Being live in Miami for the Kimbo Slice and Tank Abbott fight was an experience. The BankUnited Center in Miami, Fla., was sold out -- a record gate for the venue according to EliteXC Live Events President Gary Shaw -- with all different kinds of people who were all united with their support for the hometown fighter, Kimbo Slice.
When it came time for the bearded wonder to make his way to the cage, there was not one seat in the building with a butt in it. In fact, even with a ringside seat the only time I could see Kimbo was for a few seconds before he got in the cage.
I watched the entire fight -- all 43 seconds of it -- on the big screen because there were literally hundreds of people standing on their chairs between my seat and the actual cage.
Slice's opponent, Tank Abbott, played his part in the show as well as he could. Someone had to be the bad guy and someone had to get knocked out. If any good can be said about Tank's performance, it's that even with all the hoopla that surrounded him, he still went out there and stood toe-to-toe with a man who was in better shape, younger and as it turns out, better than himself at his own street-fighting game.
At least we didn't see a repeat performance of the Bo Cantrell fiasco. That's not Tank's style -- he comes to bang ... win or lose (usually the latter).
Regardless, cheers Tank.
While Kimbo was impressive with his knockout, there was another heavyweight with his own highlight reel stoppage on Saturday night.
Brett Rogers was the next fighter to stamp his name on the petition to change James Thompson's nickname from "The Colossus" to "Glass Jaw." Seriously, it's possible that Thompson has a form or narcolepsy with as many times as he's fallen asleep in his fights.
He should get that checked out.
It was obvious from the beginning Thompson's gameplan was to take the Minnesota native down, but every time he was successful, Rogers was able to stand the fight right back up ... and with ease. Rogers eventually got tired of the up-and-down routine and decided to land a devastating knee followed by a five-punch combination that ended the fight.
It was nasty.
Rogers is 6'5" and 265 pounds. Kimbo is listed as 6'2" and 234 pounds. I wonder what Kimbo would do in a fight with a man who is that much bigger. I know a lot of people want to see Kimbo get tested on the ground, but tonight we might have found someone who can test him on his feet.
Slice vs. Rogers would be a very interesting fight.
Yves Edwards' Urijah Faber-esque one-legged hopping knee knockout of Edson Berto was one of the sickest finishes I've ever seen. That was set up and executed to perfection by Yves, who is looking like a fighter on a mission to resurrect his once brilliant career.
And if Berto's not careful he's going to make a name for himself as the guy who gets knocked out by highlight reel knees. That's two now, counting this one and the other courtesy of EliteXC lightweight champ, KJ Noons, back in July 2007.
The knockout trend continued in the middleweight fight between Scott Smith and Kyle Noke.
It took the entire first round for Smith to get acclimated with the EliteXC cage, but that's all it took. He didn't do much but dance around for the first five minutes of his fight with the Aussie, but when the second round bell rang he decided it was finally time to throw a punch.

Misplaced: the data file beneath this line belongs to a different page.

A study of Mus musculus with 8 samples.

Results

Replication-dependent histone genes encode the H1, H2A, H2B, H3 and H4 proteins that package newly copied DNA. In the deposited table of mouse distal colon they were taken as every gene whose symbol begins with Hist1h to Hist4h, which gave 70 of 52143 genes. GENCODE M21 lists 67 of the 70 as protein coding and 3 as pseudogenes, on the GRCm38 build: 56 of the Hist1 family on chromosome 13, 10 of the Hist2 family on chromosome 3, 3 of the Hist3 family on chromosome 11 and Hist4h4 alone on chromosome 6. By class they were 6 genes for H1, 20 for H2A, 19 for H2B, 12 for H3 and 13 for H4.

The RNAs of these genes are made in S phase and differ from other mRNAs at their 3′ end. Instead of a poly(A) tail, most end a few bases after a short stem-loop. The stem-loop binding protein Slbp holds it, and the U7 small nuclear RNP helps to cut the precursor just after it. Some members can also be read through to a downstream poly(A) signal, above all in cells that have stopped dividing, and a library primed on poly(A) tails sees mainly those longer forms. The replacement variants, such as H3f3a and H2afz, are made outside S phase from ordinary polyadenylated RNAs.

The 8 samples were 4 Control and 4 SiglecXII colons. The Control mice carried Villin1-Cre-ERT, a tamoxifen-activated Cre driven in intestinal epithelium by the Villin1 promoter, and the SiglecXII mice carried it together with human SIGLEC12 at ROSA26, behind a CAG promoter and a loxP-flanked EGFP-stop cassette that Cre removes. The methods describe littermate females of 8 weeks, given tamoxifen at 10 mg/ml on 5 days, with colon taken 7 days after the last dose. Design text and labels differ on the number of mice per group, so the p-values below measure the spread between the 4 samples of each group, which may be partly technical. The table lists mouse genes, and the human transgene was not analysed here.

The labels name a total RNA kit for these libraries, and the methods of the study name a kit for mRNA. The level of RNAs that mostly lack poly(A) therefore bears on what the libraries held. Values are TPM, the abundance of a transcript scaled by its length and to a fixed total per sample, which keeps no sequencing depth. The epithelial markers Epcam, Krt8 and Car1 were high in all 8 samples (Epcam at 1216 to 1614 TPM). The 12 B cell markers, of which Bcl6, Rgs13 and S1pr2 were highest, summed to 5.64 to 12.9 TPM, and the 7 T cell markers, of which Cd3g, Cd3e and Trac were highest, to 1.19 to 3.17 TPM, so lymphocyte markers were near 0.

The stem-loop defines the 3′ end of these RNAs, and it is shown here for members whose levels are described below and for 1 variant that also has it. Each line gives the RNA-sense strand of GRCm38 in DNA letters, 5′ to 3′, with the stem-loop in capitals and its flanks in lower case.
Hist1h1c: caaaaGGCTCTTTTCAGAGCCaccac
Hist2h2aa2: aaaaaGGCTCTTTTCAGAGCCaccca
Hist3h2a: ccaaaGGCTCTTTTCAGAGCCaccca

And what a perfectly timed and placed punch it was.
It looks like Smith could be the next challenger to Robbie Lawler's middleweight title. If, of course, Lawler's ever healthy enough to defend it.
I wish I could say Antonio Silva lived up to all the hype tonight, but that's just not true. In all fairness, a win against a fighter with the background of Ricco Rodriguez is nothing to be ashamed of. But for someone who is being touted as the number one heavyweight in the world, a split decision win over a guy coming off years of drug addiction and weight issues is just not good enough.
Shaw stood by his claim that Silva is the best at the post fight press conference and didn't waste any time serving up an excuse for his fighter's lackluster performance, claiming that Silva had an injury coming into the fight that wasn't announced.
What's done is done and like I said a win against Ricco is nothing to be ashamed of, but I hope Silva does more in his next fight. He's going to have to if he wants to live up to the hype his promoter is heaping on him.
After the last bell had rang and the fans had all gone home, EliteXC: "Street Certified" surpassed all expectations. Sure there were no Chuck Liddell's or Anderson Silva's on the card. No BJ Penn's or George St. Pierre's. But there were 22 fighters giving everything they had to this great sport and leaving us, the fans, with some memorable knockouts and plenty to talk about heading into the future.
It was truly an exciting night of entertaining fights.
Next up for EliteXC is the copromotion with Strikeforce on March 29 in San Jose, Calif. Frank Shamrock vs. Cung Le for the Strikeforce middleweight championship will headline the event, and Jake Shields will take on Drew Fickett for the first ever EliteXC welterweight championship in the co-feature of the evening.
Should be another solid event ... don't miss it.